Rabbi Akiva

Shelach Lecha: The Little Things

Sefer Bamidbar describes not only the physical locale of the Jewish people, but their spiritual state. Wandering in the desert, they could not be self sufficient, neither physically nor spiritually. The book, like the desert, is one depressing story after another. While Bamidbar makes for fascinating reading and its lessons are crucial for community building, for those in the desert, little came of their aimless wandering.

Eiruvin 46b: Ignoring the Rules

While the basis of Jewish law (and much more) is to be found in the Talmud, the Talmud, in and of itself, is not a very good text for determining Jewish law. The legal analysis, the range of views, the tendency to move from one topic to another, and the fact that any given topic may be discussed in a variety of places makes reaching a conclusion on any particular issue a difficult task.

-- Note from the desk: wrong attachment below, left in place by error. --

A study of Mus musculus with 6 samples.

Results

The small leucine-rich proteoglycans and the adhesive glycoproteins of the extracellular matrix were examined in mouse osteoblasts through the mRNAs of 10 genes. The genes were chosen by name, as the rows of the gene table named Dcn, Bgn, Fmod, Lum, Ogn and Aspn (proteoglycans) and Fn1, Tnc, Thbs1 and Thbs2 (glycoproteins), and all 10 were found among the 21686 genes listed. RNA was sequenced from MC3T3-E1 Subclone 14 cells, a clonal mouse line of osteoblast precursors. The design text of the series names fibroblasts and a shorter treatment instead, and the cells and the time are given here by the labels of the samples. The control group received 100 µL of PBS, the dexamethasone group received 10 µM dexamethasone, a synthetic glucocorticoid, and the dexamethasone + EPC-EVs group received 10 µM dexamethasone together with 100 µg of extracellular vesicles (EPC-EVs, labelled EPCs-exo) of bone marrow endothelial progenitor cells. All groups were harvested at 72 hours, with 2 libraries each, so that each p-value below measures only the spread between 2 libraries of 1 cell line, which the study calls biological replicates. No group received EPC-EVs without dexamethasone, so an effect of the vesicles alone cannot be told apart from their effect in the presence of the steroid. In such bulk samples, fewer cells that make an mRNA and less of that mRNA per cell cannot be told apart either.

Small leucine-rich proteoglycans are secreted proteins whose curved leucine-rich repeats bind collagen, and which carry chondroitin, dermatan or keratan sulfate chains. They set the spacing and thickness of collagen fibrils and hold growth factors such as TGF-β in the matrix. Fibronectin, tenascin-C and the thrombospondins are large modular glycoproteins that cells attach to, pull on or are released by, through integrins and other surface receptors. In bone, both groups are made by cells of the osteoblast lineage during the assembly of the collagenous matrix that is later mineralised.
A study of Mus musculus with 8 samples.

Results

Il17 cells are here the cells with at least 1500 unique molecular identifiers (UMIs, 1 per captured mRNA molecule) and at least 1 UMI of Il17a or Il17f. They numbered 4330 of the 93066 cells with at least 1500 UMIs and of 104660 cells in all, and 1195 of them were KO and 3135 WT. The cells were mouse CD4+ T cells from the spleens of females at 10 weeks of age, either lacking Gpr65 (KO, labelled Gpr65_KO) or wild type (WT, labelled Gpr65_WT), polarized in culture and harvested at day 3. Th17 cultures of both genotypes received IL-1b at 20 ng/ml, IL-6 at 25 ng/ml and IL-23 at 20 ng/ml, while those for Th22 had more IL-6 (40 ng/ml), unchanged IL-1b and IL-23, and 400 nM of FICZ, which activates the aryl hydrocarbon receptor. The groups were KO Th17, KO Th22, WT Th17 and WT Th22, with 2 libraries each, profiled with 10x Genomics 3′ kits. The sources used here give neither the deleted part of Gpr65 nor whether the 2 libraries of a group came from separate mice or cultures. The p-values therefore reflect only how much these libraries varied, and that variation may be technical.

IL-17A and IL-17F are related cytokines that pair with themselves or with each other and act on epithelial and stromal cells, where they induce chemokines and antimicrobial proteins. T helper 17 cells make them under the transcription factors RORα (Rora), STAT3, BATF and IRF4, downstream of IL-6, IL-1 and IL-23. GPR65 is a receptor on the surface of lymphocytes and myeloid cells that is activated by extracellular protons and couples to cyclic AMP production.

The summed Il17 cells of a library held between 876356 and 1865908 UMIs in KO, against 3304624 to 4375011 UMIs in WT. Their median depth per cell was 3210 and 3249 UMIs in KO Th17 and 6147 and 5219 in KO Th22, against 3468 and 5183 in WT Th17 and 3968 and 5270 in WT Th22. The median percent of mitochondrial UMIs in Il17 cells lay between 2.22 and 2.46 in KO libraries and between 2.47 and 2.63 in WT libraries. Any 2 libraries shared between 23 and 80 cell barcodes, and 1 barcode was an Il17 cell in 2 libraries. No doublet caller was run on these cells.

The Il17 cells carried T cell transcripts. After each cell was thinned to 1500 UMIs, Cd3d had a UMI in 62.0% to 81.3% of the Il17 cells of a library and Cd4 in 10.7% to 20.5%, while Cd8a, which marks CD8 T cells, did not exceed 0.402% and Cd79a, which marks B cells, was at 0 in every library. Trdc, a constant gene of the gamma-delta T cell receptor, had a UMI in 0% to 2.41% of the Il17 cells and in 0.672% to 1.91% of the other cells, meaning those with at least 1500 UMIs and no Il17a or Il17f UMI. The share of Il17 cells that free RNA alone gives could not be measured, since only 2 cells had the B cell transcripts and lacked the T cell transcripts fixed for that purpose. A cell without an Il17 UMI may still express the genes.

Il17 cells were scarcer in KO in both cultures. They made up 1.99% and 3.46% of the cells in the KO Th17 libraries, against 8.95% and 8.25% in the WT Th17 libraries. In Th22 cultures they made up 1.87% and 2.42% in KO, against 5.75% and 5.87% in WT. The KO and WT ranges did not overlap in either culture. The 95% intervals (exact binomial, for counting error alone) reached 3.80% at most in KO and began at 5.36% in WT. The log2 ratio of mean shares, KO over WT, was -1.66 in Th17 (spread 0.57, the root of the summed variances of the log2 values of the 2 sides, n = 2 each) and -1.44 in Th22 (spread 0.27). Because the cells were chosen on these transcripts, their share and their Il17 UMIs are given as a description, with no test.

Eiruvin 21b: Rabbi Akiva's Water

It is hard to imagine one more dedicated to Torah than Rabbi Akiva. Despite the fact that he did not start learning until the age of forty (or more likely, because of this), his diligence was unsurpassed. It was to his Beit Midrash that Moshe Rabbeinu was transported from Sinai, as it was Rabbi Akiva who would derive "mountains and mountains of law" from the crowns on top of the letters in the Torah (Menachot 29b).

Shabbat 96b: Human Revelation

Of all the 39 Melachot, it is carrying that, by far, occupies the most pages of Talmudic discussion. In the midst of discussing this prohibition, the Talmud (Shabbat 96b) turns its focus to the Mekoshesh eitzim, gatherer of wood (see Bamidbar 15). Having been stoned for his infraction, the Talmud is interested in knowing what exactly he did wrong, with carrying being one of the possibilities raised.

Brachot 31: Where to Pray

The Talmud spends a good deal of time discussing the proper frame of mind for prayer. In a rather obvious remark (yet, much easier said than done), the Gemarah notes that “One must aim their thoughts towards heaven” (Brachot 31a). Proof for this is provided by the great sage, Rabbi Akiva, as follows: “Rav Yehuda says this was the custom of Rabbi Akiva, when he would pray between him and himself, one would leave him in this corner and find him in a different corner”. Yet, the Gemarah seems to note that such heavenly focus is only appropriate if one is davening privately.